Monday, March 17, 2014

Do Women Have an Advantage in Faculty Searches?

Ahh, we are halfway through the month of March. There is more sunlight. The Kepler field is rising. And, the faculty search season begins to bear fruit, and we learn (often through the Job Rumor Mill) who has received a faculty offer.

The faculty search process is enormously stressful to the postdoctoral fellow community, who are competing in a very oversubscribed market. Every March I hear this frustration boil over (expressed perhaps as an off-hand remark over coffee, or in a snippet of conversation I catch in the hallways) with that most poisonous of analyses: Dr. So-and-so received the job offer because she is a woman.

It would be wrong for me to imply that I hear this only from postdocs: Certainly in my travels I have heard senior scientists and graduate students imply this as well.

The fact that anyone remotely familiar with the statistics could assert that it is somehow a net advantage, from an advancement perspective, to be a woman in astrophysics seems ludicrous to me, yet I do hear advocates for this idea without fail each year. So, let's take a moment to remind ourselves of the data.

Recently, Prof. A. Meredith Hughes (Wesleyan University) led the Committee of the Status of Women in Astronomy on its third demographics survey. The CSWA had conducted previous surveys in 2003 and 1999, and a similar survey had been first conducted by astronomers at the Space Telescope Science Institute in 1992. So, that means the baseline is just over 20 years long, and importantly the participation rate is nearly 100%. The CSWA survey is unique in that it is an attempt to survey all professional astronomers in the US, both those in academic departments and those at research institutes. (Note the AAS has also just published its very informative survey, but the CSWA survey is distinctive since it does not require AAS membership.) The CSWA survey data are fascinating, so if you haven't yet read the previous post about the results, I encourage you to take a moment right now. Here I wanted to look at what the survey data have to say about the question of whether being a women is, in itself, a net advantage in moving from the graduate student level to an assistant professorship.

The analysis of the survey data compared the fraction of assistant professorships held by women with  the fraction of the graduate student pool who are women, separated by ten years. (The duration of each career stage is roughly comparable at 5-7 years, and the elapsed time to move from graduate school to a junior faculty spot is also roughly 10 years.)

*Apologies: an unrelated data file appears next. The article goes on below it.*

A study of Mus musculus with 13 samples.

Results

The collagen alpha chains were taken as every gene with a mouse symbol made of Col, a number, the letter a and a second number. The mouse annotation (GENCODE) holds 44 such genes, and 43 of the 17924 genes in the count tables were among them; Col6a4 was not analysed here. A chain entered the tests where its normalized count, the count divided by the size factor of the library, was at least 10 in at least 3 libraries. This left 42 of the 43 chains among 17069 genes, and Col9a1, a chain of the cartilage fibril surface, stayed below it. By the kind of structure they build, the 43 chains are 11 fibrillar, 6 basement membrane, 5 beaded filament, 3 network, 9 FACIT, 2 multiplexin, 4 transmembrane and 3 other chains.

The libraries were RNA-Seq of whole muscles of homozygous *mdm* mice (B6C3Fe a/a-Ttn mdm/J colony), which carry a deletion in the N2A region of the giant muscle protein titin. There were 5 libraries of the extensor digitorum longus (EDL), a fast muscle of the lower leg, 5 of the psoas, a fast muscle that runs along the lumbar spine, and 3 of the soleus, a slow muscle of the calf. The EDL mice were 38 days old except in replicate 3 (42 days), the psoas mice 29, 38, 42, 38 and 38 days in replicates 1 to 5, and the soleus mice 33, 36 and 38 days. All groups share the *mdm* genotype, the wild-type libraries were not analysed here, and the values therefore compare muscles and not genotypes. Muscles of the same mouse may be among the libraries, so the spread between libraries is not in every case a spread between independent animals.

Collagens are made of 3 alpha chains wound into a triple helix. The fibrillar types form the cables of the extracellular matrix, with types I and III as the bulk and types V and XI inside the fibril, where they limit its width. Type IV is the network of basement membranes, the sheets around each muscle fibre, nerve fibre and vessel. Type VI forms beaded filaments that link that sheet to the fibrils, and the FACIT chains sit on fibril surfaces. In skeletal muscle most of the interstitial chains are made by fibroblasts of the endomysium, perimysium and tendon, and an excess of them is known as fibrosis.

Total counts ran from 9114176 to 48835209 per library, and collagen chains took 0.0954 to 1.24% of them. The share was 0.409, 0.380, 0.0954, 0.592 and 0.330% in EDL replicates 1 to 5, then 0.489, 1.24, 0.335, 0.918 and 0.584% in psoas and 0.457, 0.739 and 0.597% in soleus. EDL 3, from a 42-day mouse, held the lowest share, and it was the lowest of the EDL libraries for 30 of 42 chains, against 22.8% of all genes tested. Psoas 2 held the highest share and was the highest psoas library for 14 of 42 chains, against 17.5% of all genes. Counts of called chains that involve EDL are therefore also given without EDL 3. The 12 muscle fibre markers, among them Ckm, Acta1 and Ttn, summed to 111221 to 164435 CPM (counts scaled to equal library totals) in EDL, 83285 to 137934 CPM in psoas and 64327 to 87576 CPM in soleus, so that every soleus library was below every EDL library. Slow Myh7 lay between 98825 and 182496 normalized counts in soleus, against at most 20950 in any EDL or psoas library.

OK, so first let's look at the 1992 graduate student and 2003 assistant professorship cohorts. Between 1992 and 2003, 30 +/- 3 % of graduate students who were men advanced to the junior faculty level, whereas 18 +/- 3 % of graduate students who were women advanced similarly. Hmm, I do see an advantage there, but not for the women! Keep in mind that for at least 20 years the fraction of prize fellowships awarded to women has held roughly constant at 30% (Schmelz et al. 2010). Now, let's turn to the most recent decade: Doing so, we find that the large difference between men and women has vanished, with advancement rates of 19 +/- 2 % for men and 16 +/-3 % for women (statistically indistinguishable) between the 2003 graduate students and the 2013 assistant professors.

So, the summary of the data is that:
  1. In the past, your chances of advancing from graduate school to a junior faculty job were much worse if you were a women.
  2. In the past decade, this disadvantage has disappeared, but there is no evidence that women have a net advantage or experience a higher rate of retention or advancement.
(Of course the third conclusion is that the overall rate of advancement has declined for both men and women. As Prof. Hughes wrote in her summary, the job market is bad for everyone.)

Now, I have served on many search committees, both inside and outside of my department, and in most cases there is, at some point, a direct discussion about the desire in increase the participation by women. And largely (but certainly not uniformly!) I have been impressed by the thoughtfulness of my colleagues on this issue. Why do I mention this? Because perhaps it is during those discussions that this perception of tilting the playing field to the advantage of women finds its footing. Or perhaps it also occurs when an former advisor sees his or her male graduate student lose out in a faculty competition. Or perhaps it occurs when applicants themselves see short lists with a gender breakdown very different than that of the senior faculty itself. Regardless, the data are very clear: For the past decade, faculty searches have largely hired women and men with relative rates that match their availability in the graduate student pool a decade earlier. This didn't used to be the case, but that mistake has now been corrected.

I am writing to ask that we all take care to avoid unfounded speculations about the reasons why a particular individual was selected for a particular job offer, and that we be meticulous about not attributing the hard-won success of applicants to their gender. I also invite you not just to avoid such speculations, but to correct such statements when they are presented to you. Claims that an individual won a competition based not on his or her achievements but rather on his or her innate characteristics are poison to our community. They are particularly toxic to the new faculty members themselves, who would rather not like to begin their jobs having to disprove such unfounded rumors.